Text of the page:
Harmon’s Histories: John Dunn’s photos show ordinary Missoula folks doing ordinary things
By Jim Harmon/Missoula Current
This is the residence of Edith and John Dunn on Alvina Drive, a home he built and later remodeled in Missoula’s Rattlesnake Valley.
Mount Jumbo can be seen in the background. If you look closely, you can see an old mine shaft on the hillside to the right of the home.
John E. Dunn was born in Medina, Ohio, in 1871. A carpenter by trade, he ventured west to Missoula in 1890.
He helped build quite a number of (now) historical buildings in Missoula, including University Hall at the University of Montana and many homes in downtown Missoula and the University District. He was a charter member of the local carpenters union.
But it was his role as an amateur photographer that gave him a lasting place in western Montana history.
The "Dunn Photographs" include “Sacred Heart Academy, Lincoln School, Ravalli Mill, Garden City Brewery, the Missoula County Fairgrounds, the lower Rattlesnake Creek Valley, the University District, the University of Montana campus, and the Higgins Avenue business district between Front and Broadway streets.”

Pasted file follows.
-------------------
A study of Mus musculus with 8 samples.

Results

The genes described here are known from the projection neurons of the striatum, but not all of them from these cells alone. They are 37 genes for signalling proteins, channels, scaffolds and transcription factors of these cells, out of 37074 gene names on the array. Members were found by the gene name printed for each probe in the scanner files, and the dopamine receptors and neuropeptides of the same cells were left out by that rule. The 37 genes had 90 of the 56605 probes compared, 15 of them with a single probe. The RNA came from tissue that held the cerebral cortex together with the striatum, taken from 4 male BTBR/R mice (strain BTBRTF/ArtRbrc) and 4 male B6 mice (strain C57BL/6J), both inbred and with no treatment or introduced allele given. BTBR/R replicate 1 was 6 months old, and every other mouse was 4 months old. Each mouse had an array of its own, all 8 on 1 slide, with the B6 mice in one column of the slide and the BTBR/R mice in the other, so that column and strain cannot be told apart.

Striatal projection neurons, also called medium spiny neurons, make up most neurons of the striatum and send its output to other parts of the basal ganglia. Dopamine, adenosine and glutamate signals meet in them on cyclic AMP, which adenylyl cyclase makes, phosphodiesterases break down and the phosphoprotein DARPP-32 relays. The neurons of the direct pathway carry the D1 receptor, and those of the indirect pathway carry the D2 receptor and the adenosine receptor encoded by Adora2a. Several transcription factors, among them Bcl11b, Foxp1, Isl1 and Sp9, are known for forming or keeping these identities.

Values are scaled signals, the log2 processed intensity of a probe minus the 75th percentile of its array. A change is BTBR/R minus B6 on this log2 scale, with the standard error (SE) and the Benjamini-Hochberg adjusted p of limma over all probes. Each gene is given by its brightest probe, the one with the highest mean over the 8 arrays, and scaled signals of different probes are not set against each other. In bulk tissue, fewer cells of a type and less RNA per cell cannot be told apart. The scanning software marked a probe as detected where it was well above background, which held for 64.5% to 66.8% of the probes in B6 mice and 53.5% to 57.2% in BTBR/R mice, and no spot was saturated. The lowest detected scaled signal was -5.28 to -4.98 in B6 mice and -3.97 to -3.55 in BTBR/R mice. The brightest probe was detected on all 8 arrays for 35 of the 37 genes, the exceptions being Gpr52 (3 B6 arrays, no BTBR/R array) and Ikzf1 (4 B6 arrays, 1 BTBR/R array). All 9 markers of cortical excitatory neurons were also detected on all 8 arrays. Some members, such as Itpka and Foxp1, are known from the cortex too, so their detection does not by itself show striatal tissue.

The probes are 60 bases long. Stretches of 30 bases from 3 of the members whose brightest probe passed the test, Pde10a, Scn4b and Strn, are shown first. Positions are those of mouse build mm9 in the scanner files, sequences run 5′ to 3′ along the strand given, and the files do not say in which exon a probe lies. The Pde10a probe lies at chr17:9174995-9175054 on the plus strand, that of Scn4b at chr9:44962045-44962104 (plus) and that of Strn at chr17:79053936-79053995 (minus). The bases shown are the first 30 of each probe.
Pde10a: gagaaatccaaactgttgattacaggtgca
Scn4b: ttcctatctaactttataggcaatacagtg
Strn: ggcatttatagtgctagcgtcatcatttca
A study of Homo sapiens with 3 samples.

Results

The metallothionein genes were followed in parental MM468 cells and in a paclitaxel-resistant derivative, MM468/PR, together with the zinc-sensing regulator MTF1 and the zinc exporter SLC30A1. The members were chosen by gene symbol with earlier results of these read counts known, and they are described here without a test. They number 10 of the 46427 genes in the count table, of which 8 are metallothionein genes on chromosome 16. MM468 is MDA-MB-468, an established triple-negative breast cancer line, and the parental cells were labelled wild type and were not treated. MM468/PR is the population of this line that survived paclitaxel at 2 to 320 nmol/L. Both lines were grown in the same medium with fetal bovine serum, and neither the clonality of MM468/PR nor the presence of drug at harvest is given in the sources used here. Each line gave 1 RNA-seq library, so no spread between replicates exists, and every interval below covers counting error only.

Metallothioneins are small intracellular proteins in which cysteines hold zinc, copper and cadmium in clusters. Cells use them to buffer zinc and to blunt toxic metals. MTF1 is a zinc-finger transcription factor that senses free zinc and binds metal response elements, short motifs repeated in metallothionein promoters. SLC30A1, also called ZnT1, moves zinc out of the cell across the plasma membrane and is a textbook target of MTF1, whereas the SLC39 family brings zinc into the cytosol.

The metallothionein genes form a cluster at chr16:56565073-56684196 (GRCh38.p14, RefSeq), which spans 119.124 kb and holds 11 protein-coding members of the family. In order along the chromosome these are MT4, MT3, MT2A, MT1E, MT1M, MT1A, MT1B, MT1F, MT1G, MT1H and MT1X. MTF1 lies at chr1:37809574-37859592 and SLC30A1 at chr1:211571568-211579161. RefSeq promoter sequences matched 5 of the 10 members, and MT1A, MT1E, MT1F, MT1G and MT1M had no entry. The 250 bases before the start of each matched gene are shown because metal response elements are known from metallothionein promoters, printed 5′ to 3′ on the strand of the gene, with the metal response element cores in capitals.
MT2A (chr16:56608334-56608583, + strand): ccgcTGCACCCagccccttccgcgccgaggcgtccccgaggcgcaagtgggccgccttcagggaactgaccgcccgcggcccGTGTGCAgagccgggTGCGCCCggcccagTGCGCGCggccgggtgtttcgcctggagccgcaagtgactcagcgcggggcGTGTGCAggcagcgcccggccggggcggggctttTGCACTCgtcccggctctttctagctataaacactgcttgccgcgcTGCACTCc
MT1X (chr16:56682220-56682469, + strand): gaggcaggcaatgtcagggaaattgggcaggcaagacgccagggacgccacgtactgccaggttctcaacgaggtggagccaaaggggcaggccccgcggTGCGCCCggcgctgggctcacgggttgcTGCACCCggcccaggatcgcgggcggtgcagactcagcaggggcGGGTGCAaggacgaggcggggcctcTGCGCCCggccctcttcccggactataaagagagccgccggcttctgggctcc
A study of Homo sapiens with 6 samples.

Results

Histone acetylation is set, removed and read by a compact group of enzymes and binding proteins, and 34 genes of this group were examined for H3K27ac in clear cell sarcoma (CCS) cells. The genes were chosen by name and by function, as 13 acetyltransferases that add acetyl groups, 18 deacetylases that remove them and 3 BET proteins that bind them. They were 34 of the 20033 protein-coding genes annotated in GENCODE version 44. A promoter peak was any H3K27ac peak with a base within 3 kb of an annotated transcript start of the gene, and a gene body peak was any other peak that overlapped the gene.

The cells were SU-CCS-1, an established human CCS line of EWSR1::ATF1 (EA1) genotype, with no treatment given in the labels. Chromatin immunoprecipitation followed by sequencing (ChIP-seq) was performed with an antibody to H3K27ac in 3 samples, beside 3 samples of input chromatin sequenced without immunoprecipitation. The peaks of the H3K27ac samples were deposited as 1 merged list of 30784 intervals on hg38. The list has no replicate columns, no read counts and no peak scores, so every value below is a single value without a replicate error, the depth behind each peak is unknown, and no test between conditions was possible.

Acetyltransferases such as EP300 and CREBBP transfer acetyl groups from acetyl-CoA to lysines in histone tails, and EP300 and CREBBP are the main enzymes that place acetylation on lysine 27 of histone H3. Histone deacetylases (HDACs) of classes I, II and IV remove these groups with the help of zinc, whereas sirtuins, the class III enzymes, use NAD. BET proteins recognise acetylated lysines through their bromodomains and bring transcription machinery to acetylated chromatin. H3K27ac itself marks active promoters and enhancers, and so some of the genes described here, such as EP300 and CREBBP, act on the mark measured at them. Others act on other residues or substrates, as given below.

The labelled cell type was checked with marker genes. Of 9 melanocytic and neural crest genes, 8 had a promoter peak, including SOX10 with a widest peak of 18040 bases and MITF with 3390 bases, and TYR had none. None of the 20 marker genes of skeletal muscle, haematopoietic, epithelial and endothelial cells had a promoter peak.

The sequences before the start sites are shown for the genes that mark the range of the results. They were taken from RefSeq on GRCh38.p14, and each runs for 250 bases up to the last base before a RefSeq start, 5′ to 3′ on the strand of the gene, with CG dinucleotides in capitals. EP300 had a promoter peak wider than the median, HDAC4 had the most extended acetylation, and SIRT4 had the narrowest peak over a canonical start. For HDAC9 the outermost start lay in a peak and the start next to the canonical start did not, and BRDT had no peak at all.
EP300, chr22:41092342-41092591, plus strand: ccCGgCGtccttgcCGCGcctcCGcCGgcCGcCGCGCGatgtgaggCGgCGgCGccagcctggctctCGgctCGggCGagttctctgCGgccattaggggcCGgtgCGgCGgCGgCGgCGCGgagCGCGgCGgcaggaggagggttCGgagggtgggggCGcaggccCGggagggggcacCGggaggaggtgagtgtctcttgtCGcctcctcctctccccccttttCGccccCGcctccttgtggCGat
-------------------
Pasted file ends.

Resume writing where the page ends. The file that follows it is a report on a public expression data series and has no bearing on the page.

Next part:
While the images of buildings and locations are interesting to review, his turn-of-the-century images of ordinary people (mainly his family and friends) doing ordinary things are perhaps his best legacy.
John E. Dunn died in 1935.
Here are some of his delightful photos (housed at the Archives and Special Collections, Maureen and Mike Mansfield Library at The University of Montana):
Jim Harmon is a longtime Missoula news broadcaster, now retired, who writes a weekly history column for Missoula Current. You can contact Jim at firstname.lastname@example.org. His best-selling book, “The Sneakin’est Man That Ever Was,” a collection of 46 vignettes of Western Montana history, is available at harmonshistories.com.